Leah Vernon is a Muslim, feminist, body positive activist/blogger from Detroit. Once a quiet child who was afraid of saying the wrong thing, she now has a significant online presence, with an ever-growing Instagram following of 38k, and uses her voice to inspire positive change within society. Championing representation and inclusivity, we couldn’t think of anyone better to talk to about the importance of diversity in fashion. Here is our Q&A with Leah Vernon:
Q.Why is diversity important in fashion?
A: Diversity and inclusion in fashion is super important. Representation matters. For so long, we’ve only been accustomed to one kind of beauty, one kind of style. And, it’s usually thin and white. When there are so many different kinds of girls and women in different shades and sizes who are never fully represented as ‘beautiful’. It’s time for us to change the narrative on how we see and define beauty and fashion.
Q.What made you take a stand and start talking about diversity in fashion?
A: I had eating disorders and body-dysmorphia growing up. I hated my skin color, I hated my body, and I hated my culture. I thought that if I could just be as thin as possible then I could truly attain happiness.
I successfully dropped the weight by unhealthy and extreme means. And, guess what? I still hated my body. It took years to figure out that it wasn’t the number on the scale that I needed to change but my attitude towards my body. That’s when I started blogging about my struggles and being open and candid about what it meant to be fat, Black, and Muslim in the fashion industry. I joined the body-positive movement and never looked back.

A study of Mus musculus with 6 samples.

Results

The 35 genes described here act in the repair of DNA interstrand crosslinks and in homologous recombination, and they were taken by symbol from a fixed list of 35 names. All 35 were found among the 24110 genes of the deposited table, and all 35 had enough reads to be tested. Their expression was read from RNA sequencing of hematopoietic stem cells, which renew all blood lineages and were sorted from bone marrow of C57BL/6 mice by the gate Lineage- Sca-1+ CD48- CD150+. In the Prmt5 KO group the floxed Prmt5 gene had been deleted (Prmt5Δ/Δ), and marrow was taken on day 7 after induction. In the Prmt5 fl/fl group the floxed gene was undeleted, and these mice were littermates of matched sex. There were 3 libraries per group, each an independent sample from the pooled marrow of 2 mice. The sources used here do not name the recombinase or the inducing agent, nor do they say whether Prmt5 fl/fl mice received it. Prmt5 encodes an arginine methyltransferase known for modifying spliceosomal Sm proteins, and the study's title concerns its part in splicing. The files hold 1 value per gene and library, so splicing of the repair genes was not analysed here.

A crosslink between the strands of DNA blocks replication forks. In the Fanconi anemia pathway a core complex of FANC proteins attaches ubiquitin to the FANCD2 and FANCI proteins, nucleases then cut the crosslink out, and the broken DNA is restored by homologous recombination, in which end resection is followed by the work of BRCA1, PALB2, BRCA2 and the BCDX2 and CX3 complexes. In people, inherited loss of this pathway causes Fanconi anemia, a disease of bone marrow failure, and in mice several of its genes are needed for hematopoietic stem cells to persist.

Q.How has the fashion industry changed since you started blogging in 2013?
A: The fashion industry has changed a lot. Prior to me entering the fashion scene, I hadn’t seen not one person who looked like me. I mean there were all kinds of fat babes and plus-size gals who were similar but not quite the same.
I was the first plus-size hijabi to enter into the fashion blogging world and it has changed. The industry is more inclusive and there are more different kinds of plus-size clothes to choose from. Which is very cool because we didn’t have as much selection back in the day.
I’ve also been a part of large campaigns for a few popular plus-size retailers as a Muslim model. So, people are definitely more open about partnering up with different kinds of models.
Q.Do you think that the fashion industry is becoming more inclusive/representative?
A: I think the fashion industry is becoming more inclusive, but we still have a long way to go. For instance, we see sizes above 24 now and darker skin models headlining huge campaigns, but on the other end, we still see lots of size 10 and 12 models who are white being used more so than models of other ethnicities.
Q. What would you say to people who are struggling with body confidence?
A: I’d tell her or him to never, ever allow what society says about your body to dictate how YOU feel about your body. Your body is yours. It is unique. It is imperfect. It is your temple. It is to be treated well and cherished. You are the creator of your own story.
To hear more from the wonderful Leah, check out her social accounts, all linked below.